Matthews to focus on the power of silence

MATTHEWS

MATTHEWS

There are moments that people miss everyday, shards of meaning that become drowned out by noise. Poet Charlotte Matthews thinks it is these small moments that can enlighten and even heal people.

Matthews, the poet-in-residence for Week Seven, will discuss this during her Brown Bag lecture, called “A Kind of Devotion” at 12:15 p.m. today on the front porch of the Literary Arts Center at Alumni Hall.

“A devotion is attending to the minutiae of life, the small details — the shark’s tooth in the sand, or the Queen Anne’s lace in the field — devoting one’s self carefully to that which one is looking at,” Matthews said.

Devotion allows one to create a sense of silence, and to Matthews, that silence can be illuminating. Matthews tries to use silence in her own poetry, which she has now been writing for almost 40 years.

“I feel like poetry is a way to articulate the state of being a human without diminishing it,” Matthews said. “It’s a way of explaining what it is to be alive in as sharp of a way as it is to be alive.”

The poet intends to show others the impact that silence can have in writing, especially poetry.

“I’m hoping to cover a sense of how silence in writing can help that devotion, amplify it and highlight it,” Matthews said. “So [I’ll look at] the place of silence in writing, and how a poem can have silence as a character, and thereby allow devotion to the topic. To have time. Silence is a buyer of time, and silence is a way to devote and pay careful attention.”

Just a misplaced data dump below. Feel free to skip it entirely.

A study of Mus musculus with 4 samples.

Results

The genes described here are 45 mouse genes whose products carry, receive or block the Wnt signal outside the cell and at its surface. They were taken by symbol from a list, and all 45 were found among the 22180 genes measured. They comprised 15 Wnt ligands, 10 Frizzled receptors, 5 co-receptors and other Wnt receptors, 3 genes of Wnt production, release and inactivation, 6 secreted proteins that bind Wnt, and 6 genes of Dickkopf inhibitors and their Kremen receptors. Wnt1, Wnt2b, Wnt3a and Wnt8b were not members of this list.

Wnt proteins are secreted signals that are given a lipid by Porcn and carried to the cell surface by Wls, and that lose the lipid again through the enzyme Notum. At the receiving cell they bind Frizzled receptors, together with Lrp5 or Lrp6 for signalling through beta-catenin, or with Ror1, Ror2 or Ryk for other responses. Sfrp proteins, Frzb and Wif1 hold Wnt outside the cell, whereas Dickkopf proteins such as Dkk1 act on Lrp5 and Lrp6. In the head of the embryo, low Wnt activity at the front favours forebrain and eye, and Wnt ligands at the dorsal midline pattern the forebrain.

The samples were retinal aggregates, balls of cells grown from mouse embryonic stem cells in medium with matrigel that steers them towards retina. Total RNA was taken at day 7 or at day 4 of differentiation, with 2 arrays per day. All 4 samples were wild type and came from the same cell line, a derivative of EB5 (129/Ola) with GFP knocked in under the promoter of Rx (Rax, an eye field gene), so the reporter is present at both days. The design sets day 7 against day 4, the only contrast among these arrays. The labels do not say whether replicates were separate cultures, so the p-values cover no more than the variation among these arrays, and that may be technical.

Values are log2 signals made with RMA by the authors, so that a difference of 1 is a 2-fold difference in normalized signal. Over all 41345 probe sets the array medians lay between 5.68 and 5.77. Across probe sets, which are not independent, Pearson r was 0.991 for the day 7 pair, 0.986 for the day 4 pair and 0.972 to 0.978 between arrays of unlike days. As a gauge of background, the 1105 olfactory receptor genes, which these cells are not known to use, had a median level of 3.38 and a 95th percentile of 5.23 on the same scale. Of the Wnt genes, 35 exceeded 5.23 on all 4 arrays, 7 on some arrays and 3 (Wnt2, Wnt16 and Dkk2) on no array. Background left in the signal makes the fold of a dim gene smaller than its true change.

Matthews said today’s culture has become obsessed with drowning out silence, often with noise. Without the noise, however, there is space to reflect.

“Silence is an important aspect,” she said. “We live in a culture that is afraid of silence, that does all we can — in an elevator, there has to be music — all the time there needs to be sound. If one were to cut out the sounds, then we’d have time to look for our thoughts. And we live in a culture that doesn’t like to do that. So I like to bring that into my own writing and into my own teaching.”

Matthews said she hopes her Brown Bag will help people reconnect to the world around them — even those who are not writers.

“Looking carefully can be a healer, a balm,” she said. “Even if someone attending my lecture is not a writer or a poet, I would hope somebody attending it would come away being able to look carefully at an oak leaf and not see that as a waste of time, but as a part of life they’d forgotten. That needs to be brought back into our culture.”